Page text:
After realizing they could no longer compete with major email providers, the University of Kentucky is migrating campus email to "the cloud."
Now, more than 29,000 email accounts must be migrated to an off-site server as UK students — and maybe employees in the future — make the choice between Google Apps or Microsoft Live as their new email provider.
Cost is at the bottom line for UK making the switch.
"The thing is, email is more of a commodity now than it used to be," said Herman Collins, a project manager in information technology at UK. "Students already have email accounts set up when they get here, and it costs us quite a bit to provide our own email service here on campus for all the students."
More and more, companies have been opting to transition their email accounts to an off-site server. For instance, the Herald-Leader's corporate parent, The McClatchy Company, announced to its employees that it would transition staff emails to Google Apps this year.
Michael Hardy, vice president for managed solutions at Software Information Systems, a Lexington IT company, said there are a lot of reasons companies have been deciding to migrate to an off-site server, and that everybody's situation is unique. But Hardy, who has previously worked with UK on IT projects but not with the current email migration, said migrating to the "cloud" saves companies money.
"There's a real cost savings there," he said. "There's a lot of costs that go into supporting servers, the network to support them, applications, maintenance and a support staff, which keeps servers up and functioning. ... So all of that adds up."
Collins said providers like Google offer bigger mailboxes and services that UK can't compete with when supporting an on-site server for campus email. Often the major provider offers its services for free to get students interested in its company after graduation.
"So what we're looking at is an upgrade for the students, particularly because of the mailbox size," Collins said.
The migration begins when students are prompted via email to initiate the process by choosing between Google Apps for Education or Microsoft Live@edu. Students receive the emails randomly. Collins said Google has been the favored choice so far.
The first phase of the email migration project, which launched in January, is scheduled to be completed by the time classes resume in August, said Ashley Tabb, communications director for UK's IT department.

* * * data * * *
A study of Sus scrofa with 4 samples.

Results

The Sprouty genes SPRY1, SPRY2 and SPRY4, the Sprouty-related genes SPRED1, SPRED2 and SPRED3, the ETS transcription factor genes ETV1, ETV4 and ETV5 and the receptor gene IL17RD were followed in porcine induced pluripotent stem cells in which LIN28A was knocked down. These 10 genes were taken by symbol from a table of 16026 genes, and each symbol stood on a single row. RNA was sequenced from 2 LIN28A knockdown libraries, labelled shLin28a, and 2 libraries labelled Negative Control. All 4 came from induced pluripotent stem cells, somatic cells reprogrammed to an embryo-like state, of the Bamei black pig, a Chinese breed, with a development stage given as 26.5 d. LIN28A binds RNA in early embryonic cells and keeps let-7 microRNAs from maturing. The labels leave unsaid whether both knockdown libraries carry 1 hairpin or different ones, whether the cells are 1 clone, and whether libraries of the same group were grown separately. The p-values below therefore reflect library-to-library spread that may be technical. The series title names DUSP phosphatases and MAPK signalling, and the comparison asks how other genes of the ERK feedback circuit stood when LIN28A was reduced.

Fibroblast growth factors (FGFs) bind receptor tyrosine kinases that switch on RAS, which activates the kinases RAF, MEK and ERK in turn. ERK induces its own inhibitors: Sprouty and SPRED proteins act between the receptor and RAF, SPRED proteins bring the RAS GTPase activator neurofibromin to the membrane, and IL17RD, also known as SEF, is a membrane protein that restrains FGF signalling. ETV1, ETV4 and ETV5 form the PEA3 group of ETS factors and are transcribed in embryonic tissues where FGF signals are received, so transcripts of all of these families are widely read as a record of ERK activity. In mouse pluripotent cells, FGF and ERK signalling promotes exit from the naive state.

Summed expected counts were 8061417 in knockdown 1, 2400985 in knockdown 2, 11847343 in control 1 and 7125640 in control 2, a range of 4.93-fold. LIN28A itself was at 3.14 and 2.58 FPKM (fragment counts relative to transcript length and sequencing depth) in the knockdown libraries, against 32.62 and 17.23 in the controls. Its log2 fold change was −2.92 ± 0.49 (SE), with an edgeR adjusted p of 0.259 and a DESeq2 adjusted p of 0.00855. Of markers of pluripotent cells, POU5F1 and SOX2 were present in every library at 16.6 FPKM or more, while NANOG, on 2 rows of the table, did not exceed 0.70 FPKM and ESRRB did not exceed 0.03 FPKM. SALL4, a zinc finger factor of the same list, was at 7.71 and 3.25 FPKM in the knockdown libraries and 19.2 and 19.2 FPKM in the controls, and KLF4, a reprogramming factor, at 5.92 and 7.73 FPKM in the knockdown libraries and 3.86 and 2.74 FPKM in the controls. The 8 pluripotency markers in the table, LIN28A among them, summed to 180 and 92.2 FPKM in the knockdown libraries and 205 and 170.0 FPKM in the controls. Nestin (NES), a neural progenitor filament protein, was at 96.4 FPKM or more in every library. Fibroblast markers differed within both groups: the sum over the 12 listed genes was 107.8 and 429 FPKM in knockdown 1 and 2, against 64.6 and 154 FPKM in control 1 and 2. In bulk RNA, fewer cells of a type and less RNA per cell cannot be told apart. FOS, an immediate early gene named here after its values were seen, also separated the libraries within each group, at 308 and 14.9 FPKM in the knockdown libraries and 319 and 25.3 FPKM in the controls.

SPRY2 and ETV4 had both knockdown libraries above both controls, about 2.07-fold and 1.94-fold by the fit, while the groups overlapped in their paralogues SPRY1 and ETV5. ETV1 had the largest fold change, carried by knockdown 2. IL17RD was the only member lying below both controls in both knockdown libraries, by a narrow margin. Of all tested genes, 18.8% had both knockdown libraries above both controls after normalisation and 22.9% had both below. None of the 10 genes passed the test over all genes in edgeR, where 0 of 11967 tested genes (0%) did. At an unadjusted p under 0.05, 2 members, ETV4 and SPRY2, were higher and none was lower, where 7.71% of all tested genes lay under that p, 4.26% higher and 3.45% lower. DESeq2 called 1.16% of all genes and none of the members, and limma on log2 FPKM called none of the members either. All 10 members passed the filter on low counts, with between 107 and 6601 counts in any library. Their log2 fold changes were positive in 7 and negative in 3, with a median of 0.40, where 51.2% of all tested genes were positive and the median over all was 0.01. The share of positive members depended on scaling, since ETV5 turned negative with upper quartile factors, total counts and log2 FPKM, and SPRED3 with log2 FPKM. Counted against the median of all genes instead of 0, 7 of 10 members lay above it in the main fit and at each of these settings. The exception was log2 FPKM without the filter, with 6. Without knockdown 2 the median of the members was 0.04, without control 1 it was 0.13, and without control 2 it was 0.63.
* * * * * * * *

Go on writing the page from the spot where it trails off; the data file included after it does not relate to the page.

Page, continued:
Students will not have to worry about their email addresses being altered. Once their accounts are migrated, they will log in to a UK-based Gmail account, but their addresses will stay the same.
Students may also be worried about losing important messages or contacts. Collins said that, so far, there have been no major issues.
"We've been very careful about our testing and there are some warnings we have in the notes we send to students," he said. "If they have a very large piece of mail, larger than 25 megabytes or so, then it won't fit. That would have to be handled separately, ... downloaded or something."
UK's IT Web site informs students of whom the email migration affects. Employees are not included in migration, although Collins and Tabb said this is a possibility in the future.
Students in the colleges of medicine, dentistry, pharmacy, health sciences, nursing and public health "will continue to receive and use Exchange email due to health information privacy regulation, but will be eligible to use Google or Microsoft cloud email for personal use," according to the Web site Uky.edu/email.
Students are also able to compare the Google and Microsoft services, to see which one they find more compatible, on the IT Web site. Google's capabilities can migrate the inbox, calendar and contacts, but Microsoft will migrate only the inbox.
Students who don't initiate the process themselves will automatically be migrated to the Google service by default.
"It's not voluntary in the sense that you can opt out of it," Collins said. "Everyone's going to get migrated. Essentially, we're providing students with more options for less money."